Over the years there have been some people who have commented to me that working for the government is a retirement job. In some areas perhaps but even though we’re not a retail garage the work is always there and always waiting. It’s still physically and mentally challenging trying to keep up with new technology and scheduled maintenance that never ceases to let up.
Retail is a different level of stress dealing with customers and private vehicles. I’ve been in that industry and I totally agree when something goes wrong you feel the pressure of the customer who’s paying a good chunk of cash to get a job done right and on time. With that said my respect for retail garages is high and I take that into consideration when taking a bus in for warranty. I know it’s not going to get done immediately due to that wave of customers breathing down their necks.
The advantage of working in a fleet atmosphere is there are spare units that allow us to do the job right without cutting corners and checking our work thoroughly before releasing the bus back on the road. However this last month the spare board has dropped to zero several times because of the steady barrage of work coming in to the garage.
The day I shot this video was on a Monday and there was myself and one mechanic present so we had to hustle to keep up. Priority is with services which averages three per day. To maintain our in house PM program which includes motor vehicle inspections we must get servicing done at the mileage specified on each bus. There are gov’t inspector audits every June where they pull files and inspect our PM program.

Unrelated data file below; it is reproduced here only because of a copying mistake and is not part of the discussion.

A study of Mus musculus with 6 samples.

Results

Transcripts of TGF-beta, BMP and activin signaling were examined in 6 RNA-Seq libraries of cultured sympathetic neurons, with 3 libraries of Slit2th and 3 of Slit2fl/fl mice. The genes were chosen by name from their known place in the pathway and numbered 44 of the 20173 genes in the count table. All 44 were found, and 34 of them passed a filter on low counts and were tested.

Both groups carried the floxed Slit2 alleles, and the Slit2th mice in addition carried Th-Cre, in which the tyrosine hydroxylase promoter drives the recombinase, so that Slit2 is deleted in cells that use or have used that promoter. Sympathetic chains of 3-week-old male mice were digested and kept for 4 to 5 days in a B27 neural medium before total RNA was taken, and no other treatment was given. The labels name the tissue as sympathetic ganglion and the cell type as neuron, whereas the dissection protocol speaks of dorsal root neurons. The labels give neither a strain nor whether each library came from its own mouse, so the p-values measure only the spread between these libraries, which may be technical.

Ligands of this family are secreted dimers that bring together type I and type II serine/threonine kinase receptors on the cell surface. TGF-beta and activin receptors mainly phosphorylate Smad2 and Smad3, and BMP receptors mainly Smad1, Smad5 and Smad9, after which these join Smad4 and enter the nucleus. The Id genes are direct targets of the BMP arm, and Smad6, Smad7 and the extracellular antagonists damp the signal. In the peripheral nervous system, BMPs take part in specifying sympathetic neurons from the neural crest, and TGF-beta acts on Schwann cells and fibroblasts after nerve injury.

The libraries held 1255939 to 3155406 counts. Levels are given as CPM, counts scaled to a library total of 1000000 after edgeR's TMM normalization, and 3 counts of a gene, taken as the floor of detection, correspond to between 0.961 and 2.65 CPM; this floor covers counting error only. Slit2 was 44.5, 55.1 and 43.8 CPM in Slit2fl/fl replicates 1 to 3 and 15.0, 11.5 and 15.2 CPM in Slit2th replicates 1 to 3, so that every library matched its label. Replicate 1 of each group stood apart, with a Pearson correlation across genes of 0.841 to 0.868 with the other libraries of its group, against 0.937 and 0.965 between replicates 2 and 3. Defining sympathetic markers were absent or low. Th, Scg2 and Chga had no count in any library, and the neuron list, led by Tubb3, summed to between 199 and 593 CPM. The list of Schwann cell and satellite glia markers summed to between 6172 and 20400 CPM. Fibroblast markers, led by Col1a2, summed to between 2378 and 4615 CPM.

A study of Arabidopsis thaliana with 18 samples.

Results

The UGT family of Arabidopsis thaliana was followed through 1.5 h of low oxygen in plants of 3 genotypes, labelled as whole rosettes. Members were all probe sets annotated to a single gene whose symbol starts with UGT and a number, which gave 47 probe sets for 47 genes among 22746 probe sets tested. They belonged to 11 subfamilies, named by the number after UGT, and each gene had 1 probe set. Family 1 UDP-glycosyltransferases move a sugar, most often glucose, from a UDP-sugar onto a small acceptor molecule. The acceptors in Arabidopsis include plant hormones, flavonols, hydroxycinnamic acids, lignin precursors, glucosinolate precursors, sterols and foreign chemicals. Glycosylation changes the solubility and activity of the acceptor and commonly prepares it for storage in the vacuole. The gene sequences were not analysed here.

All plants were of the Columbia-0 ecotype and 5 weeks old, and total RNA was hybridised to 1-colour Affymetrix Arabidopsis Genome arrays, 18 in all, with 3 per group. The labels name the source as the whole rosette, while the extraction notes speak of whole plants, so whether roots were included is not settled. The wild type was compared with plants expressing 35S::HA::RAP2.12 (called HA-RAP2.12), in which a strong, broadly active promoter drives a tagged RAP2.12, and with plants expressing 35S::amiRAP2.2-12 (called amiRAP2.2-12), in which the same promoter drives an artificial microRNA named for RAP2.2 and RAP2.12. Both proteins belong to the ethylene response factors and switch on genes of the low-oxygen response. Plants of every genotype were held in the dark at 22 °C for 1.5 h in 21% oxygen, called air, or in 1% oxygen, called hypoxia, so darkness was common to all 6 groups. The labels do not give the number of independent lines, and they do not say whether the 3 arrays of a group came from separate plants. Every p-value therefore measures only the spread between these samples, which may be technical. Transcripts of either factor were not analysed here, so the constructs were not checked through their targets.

If services are over the mileage or repairs are sloppy there is a risk of losing our PM program and we would have to take all of our buses to a private truck shop for inspections. This would be devistating on the budget considering shop rates are 130-140 dollars and hour plus tax plus shop supplies and so on. So this an extremely important area to keep above board and consistently follow without oversights.
When I’m working on the floor I get behind on paperwork but there’s a window there that allows me to help out with shop duties without any negative effects on the administration end of things. When I started working here 20 years ago there was one gas mechanic and 2 heavy duty mechanics. We also had one service man full time. We kept up even with engine rebuilds and other repairs but there were less electrical issues. Today hunting down an electronic problem takes precious time and emissions have added to our labor as well.
When you consider our fleet has 77 buses a lot could go wrong in a short period of time so with that in mind I hope to keep a consistent turnover and keep up with repairs and maintenance. Not knowing what could happen from one day to the next makes this job very interesting and challenging.